Letters from Paris

For those of you who would prefer something a little more unconventional, however, here are some unexpected places to drink and listen to music:




It’s the September issue, people. So to start of this series of Parisian musical diaries, it might be a good idea to explain what it means to be in Paris in September and why it’s one of the best times to go out, have a good time and – most importantly - hear some great music.  

August is a dead month, when the entire French population of the city ups and leaves to be replaced by American tourists in shorts.  Unfortunately, this also coincides with a distinct drop in the number of gigs being held in the city, as some of the best venues shut up shop for an annual holiday.

But never fear, September means the ‘rentrée’ – the back to school/university/work period- when the city begins to come alive again. Parisians return to the ‘de rigueur’ task of being permanently chic and aloof and the freshly arrived crop of students are eager to soak up the city’s social scene and learn the aforementioned art of being permanently chic and aloof.

So if you’re coming to Paris this September, either as a student or simply to enjoy the final days of summer in the City of Light, you can expect to enjoy a full selection of bars, clubs and gig venues that may have been quiet or even closed during the tourist season.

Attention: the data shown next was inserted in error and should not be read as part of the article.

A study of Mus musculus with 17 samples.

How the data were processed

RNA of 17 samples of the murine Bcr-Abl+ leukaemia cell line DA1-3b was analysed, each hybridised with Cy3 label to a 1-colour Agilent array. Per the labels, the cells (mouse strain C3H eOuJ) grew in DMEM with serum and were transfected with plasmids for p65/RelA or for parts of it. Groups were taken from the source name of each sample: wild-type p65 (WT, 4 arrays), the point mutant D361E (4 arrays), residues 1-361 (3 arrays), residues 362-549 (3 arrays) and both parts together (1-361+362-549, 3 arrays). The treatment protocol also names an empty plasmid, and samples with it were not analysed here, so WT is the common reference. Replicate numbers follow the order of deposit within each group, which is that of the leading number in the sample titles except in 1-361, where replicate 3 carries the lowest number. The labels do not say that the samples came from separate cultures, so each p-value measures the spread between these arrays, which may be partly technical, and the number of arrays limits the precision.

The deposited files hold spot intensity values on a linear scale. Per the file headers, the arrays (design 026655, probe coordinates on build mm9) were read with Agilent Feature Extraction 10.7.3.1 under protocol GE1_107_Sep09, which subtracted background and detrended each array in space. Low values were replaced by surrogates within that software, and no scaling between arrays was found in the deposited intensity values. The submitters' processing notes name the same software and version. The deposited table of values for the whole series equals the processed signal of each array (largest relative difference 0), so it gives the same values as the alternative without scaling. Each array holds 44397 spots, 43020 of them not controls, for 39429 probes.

For those of you who would prefer something a little more unconventional, however, here are some unexpected places to drink and listen to music:

A No-Alcohol zone – The banks Canal St Martin are actually a no alcohol zone, although you wouldn’t know it from the crowd that line the banks on a Friday and Saturday night. This isn’t just teenagers sitting drinking a cheap bottle of plonk, oh no, this is serious business. You will find people of all ages there, many even bringing substantial picnics to give them sustenance into the early hours. And music?  There’s always music coming from the bars that line the canal, but there are usually people playing music either from car stereos or radios. This is a block party, Parisian style. What better way to start your night?  

A (former) squat – After absorbing the sights and sounds of the canal, why not head further along its banks to le Point Ephémère   http://www.pointephemere.org/, which was initially an artist’s squat housed in a former dockside warehouse. Now it’s an established- and legal- cultural centre that puts on a plethora of gigs and club nights. Rub shoulders with the French hipsters and listen artists that you would find in few other places in Paris – Wild Nothing played in August and coming up this month are The War On Drugs amongst others.  

On a boat - Here’s a novel idea: let’s make a club out of a disused boat with a lighthouse on top of it.  And so the Batofar http://www.batofar.org/?page=le-batofar was born. The rusty bowels of this old boat can hold around 300 people who come to listen to DJs of all genres and the heated terrace is great place to look out over the Seine and have a quick chat. Entrance is usually €10 for students, or when booked in advance, and €14 otherwise.  It’s worth it.  On 23rd Sept Franz Ferdinand are playing a DJ set here - but if that’s not to your liking, then you’re sure to find something else on the itinerary that is.